Joint pain caused by fast compression to high ambient pressure
Compression arthralgia is pain in the joints caused by exposure to high ambient pressure at a relatively high rate of compression, experienced by underwater divers.
Also referred to in the US Navy diving Manual as compression pains.
Compression arthralgia has been recorded as deep aching pain in the knees, shoulders, fingers, back, hips, neck and ribs. Pain may be sudden and intense in onset and may be accompanied by a feeling of roughness in the joints.
Onset commonly occurs around 60 msw (meters of sea water), and symptoms are variable depending on depth, compression rate and personal susceptibility. Intensity increases with depth and may be aggravated by exercise. Compression arthralgia is generally a problem of deep diving, particularly deep saturation diving, where at sufficient depth even slow compression may produce symptoms. Peter B. Bennett et al. showed that the use of trimix could reduce the symptoms.
Fast compression (descent) may produce symptoms as shallow as 30 msw. Saturation divers generally compress much more slowly, and symptoms are unlikely at less than around 90 msw. At depths beyond 180m even very slow compression may produce symptoms. Spontaneous improvement may occur over time at depth, but this is unpredictable, and pain may persist into decompression. Symptoms may be distinguished from decompression sickness as they are present before starting decompression, and resolve with decreasing pressure, the opposite of decompression sickness. The pain may be sufficiently severe to limit the diver's capacity for work, and may also limit travel rate and depth of downward excursions.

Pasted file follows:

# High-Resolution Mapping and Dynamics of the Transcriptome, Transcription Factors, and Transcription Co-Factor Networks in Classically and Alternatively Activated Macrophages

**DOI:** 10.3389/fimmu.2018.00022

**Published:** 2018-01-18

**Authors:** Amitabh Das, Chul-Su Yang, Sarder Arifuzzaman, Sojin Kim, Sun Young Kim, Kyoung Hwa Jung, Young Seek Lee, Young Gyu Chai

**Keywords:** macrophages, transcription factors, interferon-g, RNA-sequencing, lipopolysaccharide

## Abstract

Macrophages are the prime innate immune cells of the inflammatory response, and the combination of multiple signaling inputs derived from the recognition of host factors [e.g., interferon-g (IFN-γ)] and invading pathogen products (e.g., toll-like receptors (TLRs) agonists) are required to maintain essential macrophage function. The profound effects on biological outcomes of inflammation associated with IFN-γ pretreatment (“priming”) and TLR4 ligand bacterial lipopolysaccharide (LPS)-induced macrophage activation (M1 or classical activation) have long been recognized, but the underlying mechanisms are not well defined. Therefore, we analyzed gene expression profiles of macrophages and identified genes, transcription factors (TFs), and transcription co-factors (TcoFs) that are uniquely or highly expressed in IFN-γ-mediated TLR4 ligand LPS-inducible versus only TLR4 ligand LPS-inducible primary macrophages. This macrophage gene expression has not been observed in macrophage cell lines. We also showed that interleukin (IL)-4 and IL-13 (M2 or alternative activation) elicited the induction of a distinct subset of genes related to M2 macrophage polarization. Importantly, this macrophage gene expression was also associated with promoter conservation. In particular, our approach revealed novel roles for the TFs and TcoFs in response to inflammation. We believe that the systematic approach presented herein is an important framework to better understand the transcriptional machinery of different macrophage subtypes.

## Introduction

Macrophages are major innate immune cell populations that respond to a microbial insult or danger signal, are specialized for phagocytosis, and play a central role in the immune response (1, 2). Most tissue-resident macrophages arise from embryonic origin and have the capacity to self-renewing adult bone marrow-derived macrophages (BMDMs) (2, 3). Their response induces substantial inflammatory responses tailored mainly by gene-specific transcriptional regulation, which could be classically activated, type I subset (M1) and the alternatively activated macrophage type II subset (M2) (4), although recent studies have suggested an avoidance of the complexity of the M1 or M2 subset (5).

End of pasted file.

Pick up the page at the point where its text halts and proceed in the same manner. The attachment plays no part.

The mechanism of compression arthralgia is not known.
The symptoms generally resolve during decompression and require no further treatment.
^ abcdCampbell, Ernest (10 June 2010). "Compression arthralgia". Scubadoc's Diving Medicine Online. Retrieved 29 November 2013.
^Bennett, PB; Blenkarn, GD; Roby, J; Youngblood, D (1974). "Suppression of the high pressure nervous syndrome (HPNS) in human dives to 720 ft. and 1000 ft. by use of N2/He/02". Undersea Biomedical Research. Undersea and Hyperbaric Medical Society. Retrieved 2015-12-29.